Courant News: Installation

I’ve been working all day on making the installation script for Courant, and am now writing the documentation files. So I thought I’d take a few minutes to summarize the process in anticipation of release in the coming week.

For your techies, some background: We have been using Subversion (svn) for source control, but there’s been a push to move towards git. The biggest holdup had been our dependence on svn:externals to pull in some other projects without having to fork them, which is a pretty poor reason. As a result, I’ve been seeking ways to get rid of that last vestige of svn so that we could allow people to use git if they prefer that. We intend to continue using svn for Courant’s core codebase, but we appreciate the fact that many devs prefer to use git for their workflow, so we don’t want to preclude that.

As a result, I’ve been seeking a solution to simultaneously get rid of svn:externals while also easing the process of installing and using Courant. Some posts by the famous djangonaut James Bennett, along with looking at projects like Pinax, convinced me that such a solution existed in pip with virtualenv. Virtualenv allows you to create an isolated environment on your computer in which you can install python packages without it polluting the rest of your system, while pip allows you to install python packages from the Chesseshop or from a repository (supports svn, git, bzr, and hg currently).

Now for everyone: To use Courant, you first have to install python (2.5 recommended), svn, git, and whatever database engine you’d like to use (we strongly recommend PostgreSQL, but MySQL works too). From there, you just download one file from the Courant servers, Running with some options will install Courant and all of its python dependencies, including Django and many others, inside a fresh virtualenv. It can also set up a clean copy of our sample project, or it can checkout your own site project from an external repository.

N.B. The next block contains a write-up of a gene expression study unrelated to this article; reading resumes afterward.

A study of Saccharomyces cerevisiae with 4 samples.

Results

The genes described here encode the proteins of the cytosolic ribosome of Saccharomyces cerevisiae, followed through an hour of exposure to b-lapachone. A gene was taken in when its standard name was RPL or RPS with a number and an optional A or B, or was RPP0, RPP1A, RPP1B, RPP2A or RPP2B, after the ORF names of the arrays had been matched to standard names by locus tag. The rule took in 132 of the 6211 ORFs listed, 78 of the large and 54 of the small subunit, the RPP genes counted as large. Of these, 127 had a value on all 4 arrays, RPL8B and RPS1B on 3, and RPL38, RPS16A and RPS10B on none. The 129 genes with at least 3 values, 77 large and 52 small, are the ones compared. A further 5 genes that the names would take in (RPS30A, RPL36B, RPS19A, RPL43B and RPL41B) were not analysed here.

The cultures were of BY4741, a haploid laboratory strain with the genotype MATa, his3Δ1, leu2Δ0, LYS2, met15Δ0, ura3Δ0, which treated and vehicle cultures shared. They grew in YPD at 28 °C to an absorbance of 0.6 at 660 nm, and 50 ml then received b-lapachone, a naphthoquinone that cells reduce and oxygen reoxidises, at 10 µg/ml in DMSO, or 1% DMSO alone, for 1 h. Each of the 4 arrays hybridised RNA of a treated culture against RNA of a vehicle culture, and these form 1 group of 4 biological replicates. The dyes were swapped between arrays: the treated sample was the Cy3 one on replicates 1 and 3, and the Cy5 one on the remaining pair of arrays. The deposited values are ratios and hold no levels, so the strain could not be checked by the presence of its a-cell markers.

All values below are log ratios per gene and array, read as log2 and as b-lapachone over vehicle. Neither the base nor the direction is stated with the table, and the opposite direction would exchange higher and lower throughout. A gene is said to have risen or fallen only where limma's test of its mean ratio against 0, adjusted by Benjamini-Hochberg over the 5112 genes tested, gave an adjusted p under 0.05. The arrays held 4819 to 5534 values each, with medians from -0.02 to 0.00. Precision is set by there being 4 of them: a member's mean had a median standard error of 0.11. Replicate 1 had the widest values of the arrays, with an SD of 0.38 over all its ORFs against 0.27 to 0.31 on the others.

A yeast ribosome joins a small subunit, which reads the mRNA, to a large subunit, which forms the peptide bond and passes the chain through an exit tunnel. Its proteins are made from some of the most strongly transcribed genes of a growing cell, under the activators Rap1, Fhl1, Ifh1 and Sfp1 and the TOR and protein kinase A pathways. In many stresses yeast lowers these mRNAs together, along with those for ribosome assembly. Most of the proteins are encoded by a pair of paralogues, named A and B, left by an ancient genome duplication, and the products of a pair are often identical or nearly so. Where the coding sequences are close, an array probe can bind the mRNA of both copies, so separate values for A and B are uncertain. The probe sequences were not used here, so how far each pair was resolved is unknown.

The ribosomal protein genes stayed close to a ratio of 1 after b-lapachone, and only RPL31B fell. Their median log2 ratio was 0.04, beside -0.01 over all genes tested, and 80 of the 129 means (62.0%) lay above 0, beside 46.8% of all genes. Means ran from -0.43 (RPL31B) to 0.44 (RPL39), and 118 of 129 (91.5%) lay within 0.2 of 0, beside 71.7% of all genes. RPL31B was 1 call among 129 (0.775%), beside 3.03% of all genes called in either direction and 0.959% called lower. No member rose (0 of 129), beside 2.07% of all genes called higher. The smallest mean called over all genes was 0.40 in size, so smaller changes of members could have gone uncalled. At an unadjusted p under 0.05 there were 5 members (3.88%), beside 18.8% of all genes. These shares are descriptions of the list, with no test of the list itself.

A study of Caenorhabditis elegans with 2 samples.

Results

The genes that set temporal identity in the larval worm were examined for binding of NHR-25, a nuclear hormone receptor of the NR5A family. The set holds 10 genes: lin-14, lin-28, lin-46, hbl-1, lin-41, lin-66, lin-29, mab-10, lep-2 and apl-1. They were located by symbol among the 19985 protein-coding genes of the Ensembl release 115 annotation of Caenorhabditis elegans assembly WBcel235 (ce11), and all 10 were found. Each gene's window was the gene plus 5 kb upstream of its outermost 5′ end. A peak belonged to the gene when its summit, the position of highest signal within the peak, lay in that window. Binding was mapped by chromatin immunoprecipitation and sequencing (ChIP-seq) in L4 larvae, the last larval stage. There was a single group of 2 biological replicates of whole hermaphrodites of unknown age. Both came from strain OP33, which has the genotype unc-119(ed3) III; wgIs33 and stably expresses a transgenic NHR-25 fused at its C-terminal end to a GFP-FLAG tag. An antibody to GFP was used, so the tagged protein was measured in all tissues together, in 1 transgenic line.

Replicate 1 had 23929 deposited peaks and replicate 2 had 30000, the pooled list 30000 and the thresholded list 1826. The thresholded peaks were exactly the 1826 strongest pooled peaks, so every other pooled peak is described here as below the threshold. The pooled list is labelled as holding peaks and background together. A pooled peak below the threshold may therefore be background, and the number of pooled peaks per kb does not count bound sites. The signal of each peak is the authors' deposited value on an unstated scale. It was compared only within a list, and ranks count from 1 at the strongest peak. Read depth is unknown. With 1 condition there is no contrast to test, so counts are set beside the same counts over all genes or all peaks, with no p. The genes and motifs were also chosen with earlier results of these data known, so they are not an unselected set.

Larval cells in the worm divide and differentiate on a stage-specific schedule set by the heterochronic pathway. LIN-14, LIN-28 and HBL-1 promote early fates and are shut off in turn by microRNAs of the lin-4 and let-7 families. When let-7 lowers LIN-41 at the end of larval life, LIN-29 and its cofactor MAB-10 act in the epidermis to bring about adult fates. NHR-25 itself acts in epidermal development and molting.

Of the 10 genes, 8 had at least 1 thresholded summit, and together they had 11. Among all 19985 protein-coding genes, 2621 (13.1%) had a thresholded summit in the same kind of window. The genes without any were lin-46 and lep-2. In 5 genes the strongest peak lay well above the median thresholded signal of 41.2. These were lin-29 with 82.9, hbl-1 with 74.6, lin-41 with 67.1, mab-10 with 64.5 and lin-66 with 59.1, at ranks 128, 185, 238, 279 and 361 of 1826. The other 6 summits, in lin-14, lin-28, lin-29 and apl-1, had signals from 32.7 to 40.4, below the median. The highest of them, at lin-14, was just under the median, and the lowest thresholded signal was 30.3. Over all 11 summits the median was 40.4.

python myvirtualenv -n website -p default

That one command will create a new virtualenv called “myvirtualenv,” install everything, and make a copy of the “default” sample project in a folder called “website.” For the YDN, I can replace “default” with the URL to our private SVN repository, and it will check out the Courant-powered version of our site and be all ready to go. I don’t think it could be much simpler. It should work perfectly well across all the major operating systems, and I have personally tested it on Ubuntu and Windows. I’ll get Paul to verify it works on OSX before release.

More detailed installation instructions, including a number of other options and instructions for how to set things up for developing on Courant itself, will be included in the project documentation. This was one of our last hurdles before public release, so once we finalize some remaining details and get team consensus, we will be opening up the project site. Stay tuned.